Does Your Company Have A Disaster Recovery and Business Continuity Plan?
:: By Jamie Madison, Steadfast ::
For some people, running a startup is the most thrilling and fulfilling thing they’ll ever do.
Creating a valuable product is very satisfying. However, startup founders are also under a lot of pressure. They’re responsible for creating the product, marketing it, and making sure the business survives against incredible odds.
Most of an entrepreneur's time and effort are focused on the exciting adventure of product creation, and they often don’t have time for the boring stuff. Disaster recovery planning is often neglected in the early days of a startup when the prime concern is keeping servers up and developing features. But it’s the boring stuff that will keep a business alive when something goes wrong.
Can you imagine the following scenario: your company has created a minimal viable product with a small but growing user base. Venture capitalists (VCs) are showing interest. And then, one morning, you get a call to inform you that no one can access the data on the company’s servers or desktop computers. A criminal has found their way into the network and planted ransomware. The company’s data has been encrypted, and the only way to decrypt it is to pay up.
Of course, the problem doesn’t have to be the result of an action by a criminal. A simple command line mistake or misguided SQL query can theoretically wipe out gigabytes of data in seconds.
The solution is to think about the boring stuff right at the beginning. You might be reluctant to invest the time in business continuity planning, but you’ll be glad you did if disaster strikes.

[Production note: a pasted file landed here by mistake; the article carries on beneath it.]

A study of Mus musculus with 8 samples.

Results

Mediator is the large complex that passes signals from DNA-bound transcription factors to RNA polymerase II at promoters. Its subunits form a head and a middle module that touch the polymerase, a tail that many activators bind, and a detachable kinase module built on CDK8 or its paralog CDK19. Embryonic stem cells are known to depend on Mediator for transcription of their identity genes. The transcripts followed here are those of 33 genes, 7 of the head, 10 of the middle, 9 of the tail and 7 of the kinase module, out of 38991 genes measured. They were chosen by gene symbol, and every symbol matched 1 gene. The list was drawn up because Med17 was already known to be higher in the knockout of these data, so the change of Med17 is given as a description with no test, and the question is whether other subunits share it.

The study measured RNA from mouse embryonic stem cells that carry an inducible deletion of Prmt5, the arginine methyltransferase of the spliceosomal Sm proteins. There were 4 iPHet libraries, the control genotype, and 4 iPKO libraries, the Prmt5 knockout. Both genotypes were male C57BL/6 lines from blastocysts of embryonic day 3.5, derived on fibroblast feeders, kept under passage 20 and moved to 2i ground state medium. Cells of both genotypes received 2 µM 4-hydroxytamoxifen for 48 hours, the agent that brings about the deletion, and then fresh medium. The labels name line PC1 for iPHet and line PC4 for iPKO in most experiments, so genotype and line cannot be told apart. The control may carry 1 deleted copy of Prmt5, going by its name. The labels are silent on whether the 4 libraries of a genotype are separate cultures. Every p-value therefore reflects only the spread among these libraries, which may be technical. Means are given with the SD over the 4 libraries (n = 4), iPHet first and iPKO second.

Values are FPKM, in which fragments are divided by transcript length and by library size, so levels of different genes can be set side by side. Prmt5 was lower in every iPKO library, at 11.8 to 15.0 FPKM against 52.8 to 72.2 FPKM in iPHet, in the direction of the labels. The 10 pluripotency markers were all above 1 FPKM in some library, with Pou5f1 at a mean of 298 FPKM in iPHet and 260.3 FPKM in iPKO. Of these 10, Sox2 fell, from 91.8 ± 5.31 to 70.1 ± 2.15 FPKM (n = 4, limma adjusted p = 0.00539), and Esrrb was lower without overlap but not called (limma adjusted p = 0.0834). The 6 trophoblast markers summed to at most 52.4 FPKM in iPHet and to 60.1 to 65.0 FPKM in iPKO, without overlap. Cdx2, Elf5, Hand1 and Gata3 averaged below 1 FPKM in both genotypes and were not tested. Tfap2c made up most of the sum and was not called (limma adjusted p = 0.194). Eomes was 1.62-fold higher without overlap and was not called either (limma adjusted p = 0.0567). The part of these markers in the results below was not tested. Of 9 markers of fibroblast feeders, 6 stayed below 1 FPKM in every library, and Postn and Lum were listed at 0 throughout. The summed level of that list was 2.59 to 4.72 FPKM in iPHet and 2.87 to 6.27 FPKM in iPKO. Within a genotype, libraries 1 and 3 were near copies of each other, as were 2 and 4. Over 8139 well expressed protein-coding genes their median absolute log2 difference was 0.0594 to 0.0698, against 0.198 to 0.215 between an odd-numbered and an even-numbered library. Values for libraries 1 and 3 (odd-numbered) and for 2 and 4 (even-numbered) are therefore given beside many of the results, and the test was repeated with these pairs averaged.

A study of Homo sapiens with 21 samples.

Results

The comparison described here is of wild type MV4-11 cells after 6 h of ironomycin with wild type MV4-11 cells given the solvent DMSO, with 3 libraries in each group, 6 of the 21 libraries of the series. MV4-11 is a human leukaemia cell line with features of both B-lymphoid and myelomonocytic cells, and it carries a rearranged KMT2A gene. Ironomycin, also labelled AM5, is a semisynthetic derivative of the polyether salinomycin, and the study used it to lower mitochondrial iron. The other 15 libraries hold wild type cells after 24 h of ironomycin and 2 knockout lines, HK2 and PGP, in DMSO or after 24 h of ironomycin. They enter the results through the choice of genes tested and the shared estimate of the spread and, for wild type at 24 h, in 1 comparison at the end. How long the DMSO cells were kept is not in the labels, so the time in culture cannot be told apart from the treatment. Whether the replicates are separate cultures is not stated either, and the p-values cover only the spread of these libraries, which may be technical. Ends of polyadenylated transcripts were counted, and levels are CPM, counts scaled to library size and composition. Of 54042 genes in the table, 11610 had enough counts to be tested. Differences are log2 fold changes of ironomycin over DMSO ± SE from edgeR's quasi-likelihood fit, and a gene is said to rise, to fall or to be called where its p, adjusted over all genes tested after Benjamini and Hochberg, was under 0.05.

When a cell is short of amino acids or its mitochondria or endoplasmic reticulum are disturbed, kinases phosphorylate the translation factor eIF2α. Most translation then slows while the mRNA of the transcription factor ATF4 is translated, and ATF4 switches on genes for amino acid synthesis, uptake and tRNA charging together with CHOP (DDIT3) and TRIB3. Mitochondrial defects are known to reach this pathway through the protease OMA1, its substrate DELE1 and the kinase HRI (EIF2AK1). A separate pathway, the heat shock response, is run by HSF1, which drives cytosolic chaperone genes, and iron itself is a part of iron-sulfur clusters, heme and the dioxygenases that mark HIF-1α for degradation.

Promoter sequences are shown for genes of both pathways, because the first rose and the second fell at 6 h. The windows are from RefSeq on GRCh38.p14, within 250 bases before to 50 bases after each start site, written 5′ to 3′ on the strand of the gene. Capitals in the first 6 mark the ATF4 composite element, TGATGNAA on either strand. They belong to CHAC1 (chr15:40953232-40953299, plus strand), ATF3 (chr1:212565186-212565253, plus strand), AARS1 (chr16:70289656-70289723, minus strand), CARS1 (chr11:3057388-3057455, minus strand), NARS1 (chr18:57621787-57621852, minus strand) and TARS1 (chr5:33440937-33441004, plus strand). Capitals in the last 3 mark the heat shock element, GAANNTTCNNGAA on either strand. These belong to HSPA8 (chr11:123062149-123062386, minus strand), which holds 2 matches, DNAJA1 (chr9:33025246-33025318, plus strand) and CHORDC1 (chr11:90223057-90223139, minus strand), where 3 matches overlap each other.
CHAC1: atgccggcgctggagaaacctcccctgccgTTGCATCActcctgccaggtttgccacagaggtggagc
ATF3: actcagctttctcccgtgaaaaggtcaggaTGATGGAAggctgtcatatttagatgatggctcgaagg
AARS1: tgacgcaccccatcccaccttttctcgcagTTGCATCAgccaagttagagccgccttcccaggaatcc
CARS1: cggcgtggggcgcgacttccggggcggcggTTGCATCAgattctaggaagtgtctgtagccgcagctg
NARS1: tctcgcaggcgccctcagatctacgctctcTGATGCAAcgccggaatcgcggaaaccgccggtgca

A business continuity plan is made up of many different components, but one of the most important is backups. For web startups, their data and their code are their business. If that’s lost, so is any hope of future success.
Let’s think about the type of backup that a new and rapidly developing business requires. Most technical founders are aware of the need for frequent backups, where frequent can mean monthly or weekly. But, the faster a company is growing, the more frequent backups should be. It would be disheartening in the extreme for a business to lose a week’s worth of work, never mind a month’s.
The best option is continuous data protection, a form of backup that operates continuously to move data offsite to a secure data center location. CDP backup programs are, after an initial comprehensive backup, capable of incrementally sending changes to an external backup location.
Implementing continuous data protection as part of your company’s business continuity and disaster recovery planning might not seem like the most interesting way a startup founder can spend their time, but sometimes boring is best.
Jamie Madison is the marketing director at Steadfast, a leading IT Data Center Service company. Steadfast specializes in highly flexible cloud environments, robust dedicated and colocation hosting, and disaster recovery.